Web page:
I also don't have direct experience with this tracker (first I've heard of it actually) but it seems pretty good on paper. It supports the same payload weight as the Vixen Polarie, which has gotten decent reviews from what I can tell. Personally, I have the Astrotrac TT320X. It supports a ton by comparison (15kg) but it costs a bit more as well, and it's not nearly as compact.
The only main difference I can tell between the Skytracker and the Polarie, apart from the Vixen reputation, is that for the same price, the Skytracker includes a polar scope. The Vixen polar scope is $130. Of course, for most short exposures, a rough visual alignment is sufficient, but going beyond a minute or two or focal lengths longer than 100mm or so, an accurate alignment helps a lot. In my opinion, you get a tracker so that you can take longer exposures, so you should do whatever you can to get good polar alignment.
If anyone is thinking of getting into this, remember the total cost of your system.
- ~$150-300: Get a good sturdy, well-made tripod. Get something you can use for other things, or if you already have a decent non-Walmart tripod that can support the weight of everything, you can use it. I went with the Manfrotto 055XPROB, and I like it because its legs can swing outward and form a very wide base. Regardless of your tripod, you should get a sandbag or two to weigh it down. I also have a set of the Celestron vibration-reduction pads, but I haven't yet had a chance to evaluate their effectiveness.
- ~$250: I highly recommend getting a geared tripod head to mount the tracking mount on. Manfrotto 410 or 405. It's just as important as the polar scope if you ask me, because it allows you to make very fine, precise adjustments during polar alignment while keeping a very stable platform. (B&H actually offers the 410 head with the 055XPROB tripod for a significant discount.)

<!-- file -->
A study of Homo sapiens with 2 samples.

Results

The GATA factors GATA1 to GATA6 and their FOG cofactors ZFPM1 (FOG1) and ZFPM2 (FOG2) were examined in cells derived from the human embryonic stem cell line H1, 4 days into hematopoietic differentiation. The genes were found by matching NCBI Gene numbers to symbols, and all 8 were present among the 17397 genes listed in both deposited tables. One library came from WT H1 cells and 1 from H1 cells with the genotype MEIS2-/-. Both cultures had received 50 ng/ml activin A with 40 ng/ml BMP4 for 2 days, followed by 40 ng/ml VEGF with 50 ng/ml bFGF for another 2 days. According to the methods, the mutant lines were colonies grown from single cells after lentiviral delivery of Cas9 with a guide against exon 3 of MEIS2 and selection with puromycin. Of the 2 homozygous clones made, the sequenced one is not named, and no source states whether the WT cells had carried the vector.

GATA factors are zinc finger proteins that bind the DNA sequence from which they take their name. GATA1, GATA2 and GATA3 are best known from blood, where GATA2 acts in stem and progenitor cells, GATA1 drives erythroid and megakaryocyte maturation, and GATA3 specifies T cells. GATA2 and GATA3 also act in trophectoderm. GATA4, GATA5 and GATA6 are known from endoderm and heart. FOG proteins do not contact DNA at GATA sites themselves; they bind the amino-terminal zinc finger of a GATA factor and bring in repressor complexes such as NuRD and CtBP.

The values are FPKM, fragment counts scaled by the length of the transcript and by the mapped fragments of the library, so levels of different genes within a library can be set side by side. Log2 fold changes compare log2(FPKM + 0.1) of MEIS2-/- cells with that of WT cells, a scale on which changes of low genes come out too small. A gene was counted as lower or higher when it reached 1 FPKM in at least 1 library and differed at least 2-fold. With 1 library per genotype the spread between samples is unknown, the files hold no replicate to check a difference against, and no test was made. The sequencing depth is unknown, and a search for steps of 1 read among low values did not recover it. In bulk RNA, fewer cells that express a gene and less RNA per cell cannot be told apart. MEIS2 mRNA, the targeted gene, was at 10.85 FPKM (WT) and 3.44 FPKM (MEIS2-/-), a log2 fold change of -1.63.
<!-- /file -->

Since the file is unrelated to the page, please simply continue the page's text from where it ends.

- ~$50-150: Don't forget a ball head for the camera side of the mount. Don't get a flimsy one, because it has to be just as sturdy as the rest of your platform.
- ~$50-100: A timing remote is a very handy accessory for long exposures. Most cameras will only go to 30 seconds unless you go into bulb mode. Holding the shutter button on a sky-tracking camera is not an option, and IR remotes are problematic. Even with a simple wired remote, controlling the exposure time by stopwatch is tedious, and having the remote in your hand can cause vibrations in the camera. Timer remotes can do any length of exposures hands-free, and they can do automatic time-lapse, so you can easily get repeated shots and stack them together in software. The Vello ShutterBoss (B&H brand) runs around $50 for the wired, $100 for the wireless version.
(Prices are extremely rough ballpark estimates based only on my own experience.)
I think the important thing to remember with these systems is that they're for amateurs. Good results aren't guaranteed and it will take lots of patience and experimentation, but you don't have to get as much specialized equipment to enjoy the hobby. The required extras do add up in cost, but you get to use them for other things. The only thing that cannot be reused in some other way is the mount itself. I don't get out and do astrophotography often enough, but I'm frequently glad that I have a nice tripod, quality tripod heads, and the other related accessories.
You can get much better systems, but they'll be more expensive, less portable, and single-purpose.EDIT
: I wasn't familiar with the Losmandy Starlapse, but niteclicks is right - that one is very sturdy and would require a much sturdier tripod than the Polarie, Skytracker, or Astrotrac. Their website shows photos of it mounted to a heavy-duty video tripod (and those are not cheap). I would almost say that if you're serious enough to consider the Starlapse, you should probably consider a dedicated all-in-one system like the Vixen GP2 or others that I have no experience with.